Dino Barajas Quoted by Energy Advisor on El Niño and LatAm Hydropower
Energy Advisor, published by The Inter-American Dialogue think tank, quoted Akin Gump partner Dino Barajas for its Q&A “Will El Niño Cripple Hydropower in South America?” The publication notes that the El Niño weather pattern can potentially cause severe weather in South America, including droughts that lead to a decline in hydropower generation.
Barajas, whose practice emphasizes Latin American energy sector infrastructure project financings, debt financings and M&A, said, “Given the build-out, in the late 1990s and early 2000s, of numerous natural gas-fueled power plants throughout South America, including in Colombia and Brazil, central energy planners within these jurisdictions will be in a better position to react to drastic weather changes than they were during the 1997-98 El Niño. There may even be an opportunity to attract new power developers to the region in an effort to further diversify the power generation portfolios of countries experiencing radical swings in their hydrology patterns as they adapt to the ‘new normal’ of climate change.”
On the topic of energy production diversification, he continued, “A further diversification of power generation assets would not only assist these countries in addressing their own energy needs in the near term. Diversification would also position them to become energy exporters to neighboring countries during periods of over supply of electricity, once the rains return.”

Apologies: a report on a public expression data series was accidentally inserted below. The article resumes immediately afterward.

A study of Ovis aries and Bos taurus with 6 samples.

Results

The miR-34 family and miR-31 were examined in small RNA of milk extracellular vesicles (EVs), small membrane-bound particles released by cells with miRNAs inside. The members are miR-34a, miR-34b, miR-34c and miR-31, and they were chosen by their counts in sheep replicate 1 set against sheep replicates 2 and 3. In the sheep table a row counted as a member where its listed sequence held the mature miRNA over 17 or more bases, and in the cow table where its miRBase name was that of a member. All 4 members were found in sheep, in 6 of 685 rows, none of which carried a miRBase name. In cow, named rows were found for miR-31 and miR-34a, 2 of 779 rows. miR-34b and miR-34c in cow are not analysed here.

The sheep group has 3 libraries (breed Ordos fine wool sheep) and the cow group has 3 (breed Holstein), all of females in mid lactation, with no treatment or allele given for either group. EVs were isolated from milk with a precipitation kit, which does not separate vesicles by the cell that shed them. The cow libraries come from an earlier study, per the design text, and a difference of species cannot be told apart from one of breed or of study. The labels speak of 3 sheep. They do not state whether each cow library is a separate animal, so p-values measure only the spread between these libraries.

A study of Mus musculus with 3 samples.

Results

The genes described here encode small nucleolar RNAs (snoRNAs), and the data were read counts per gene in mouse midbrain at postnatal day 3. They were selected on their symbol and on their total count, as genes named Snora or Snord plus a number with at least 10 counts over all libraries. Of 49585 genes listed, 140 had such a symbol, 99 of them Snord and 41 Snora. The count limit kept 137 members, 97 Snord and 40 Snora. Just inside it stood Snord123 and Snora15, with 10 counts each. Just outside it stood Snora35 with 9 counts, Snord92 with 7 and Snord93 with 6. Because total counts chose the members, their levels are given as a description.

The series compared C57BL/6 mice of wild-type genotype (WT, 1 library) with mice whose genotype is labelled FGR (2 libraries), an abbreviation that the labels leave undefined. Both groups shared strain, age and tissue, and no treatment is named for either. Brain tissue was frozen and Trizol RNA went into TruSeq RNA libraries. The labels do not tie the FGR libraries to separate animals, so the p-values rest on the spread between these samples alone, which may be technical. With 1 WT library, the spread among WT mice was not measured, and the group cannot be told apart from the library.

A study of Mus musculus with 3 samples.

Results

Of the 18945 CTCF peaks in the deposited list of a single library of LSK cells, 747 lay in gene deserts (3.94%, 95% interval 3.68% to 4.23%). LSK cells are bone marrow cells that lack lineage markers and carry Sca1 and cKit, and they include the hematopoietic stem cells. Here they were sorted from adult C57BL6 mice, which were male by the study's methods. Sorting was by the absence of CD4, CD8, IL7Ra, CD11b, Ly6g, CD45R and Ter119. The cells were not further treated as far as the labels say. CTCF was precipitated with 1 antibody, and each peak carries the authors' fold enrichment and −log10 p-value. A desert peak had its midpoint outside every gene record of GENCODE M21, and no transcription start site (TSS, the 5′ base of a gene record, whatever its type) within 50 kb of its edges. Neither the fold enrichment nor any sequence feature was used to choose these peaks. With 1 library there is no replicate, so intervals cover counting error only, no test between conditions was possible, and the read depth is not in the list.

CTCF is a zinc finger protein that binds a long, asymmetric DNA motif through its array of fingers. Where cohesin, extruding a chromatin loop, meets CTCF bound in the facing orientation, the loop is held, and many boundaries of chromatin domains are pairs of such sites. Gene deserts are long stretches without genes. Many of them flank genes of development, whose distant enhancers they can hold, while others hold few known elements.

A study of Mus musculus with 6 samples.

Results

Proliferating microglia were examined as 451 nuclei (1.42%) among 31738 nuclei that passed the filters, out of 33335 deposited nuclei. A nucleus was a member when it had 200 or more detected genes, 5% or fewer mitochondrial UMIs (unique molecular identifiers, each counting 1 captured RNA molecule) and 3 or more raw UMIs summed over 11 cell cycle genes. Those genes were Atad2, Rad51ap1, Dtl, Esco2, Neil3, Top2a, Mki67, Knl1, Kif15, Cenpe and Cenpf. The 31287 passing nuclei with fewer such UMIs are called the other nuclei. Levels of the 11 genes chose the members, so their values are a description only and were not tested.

Barajas said that South American countries need to inspire investor confidence if they wish to attract private-sector developers, adding a word of caution regarding “its history of central planners in Colombia and Brazil having promoted new generation projects during the region’s last severe drought, only to have projects canceled or power purchase agreements renegotiated once the rains returned and hydropower again became more plentiful and cost-effective.”
He closed by noting that, “Lessons learned from past mistakes should help guide a more thoughtful power plant build-out program which considers long-term market dynamics rather than just solving today’s issue with an expedient political solution, only to have policies reversed once political winds change.”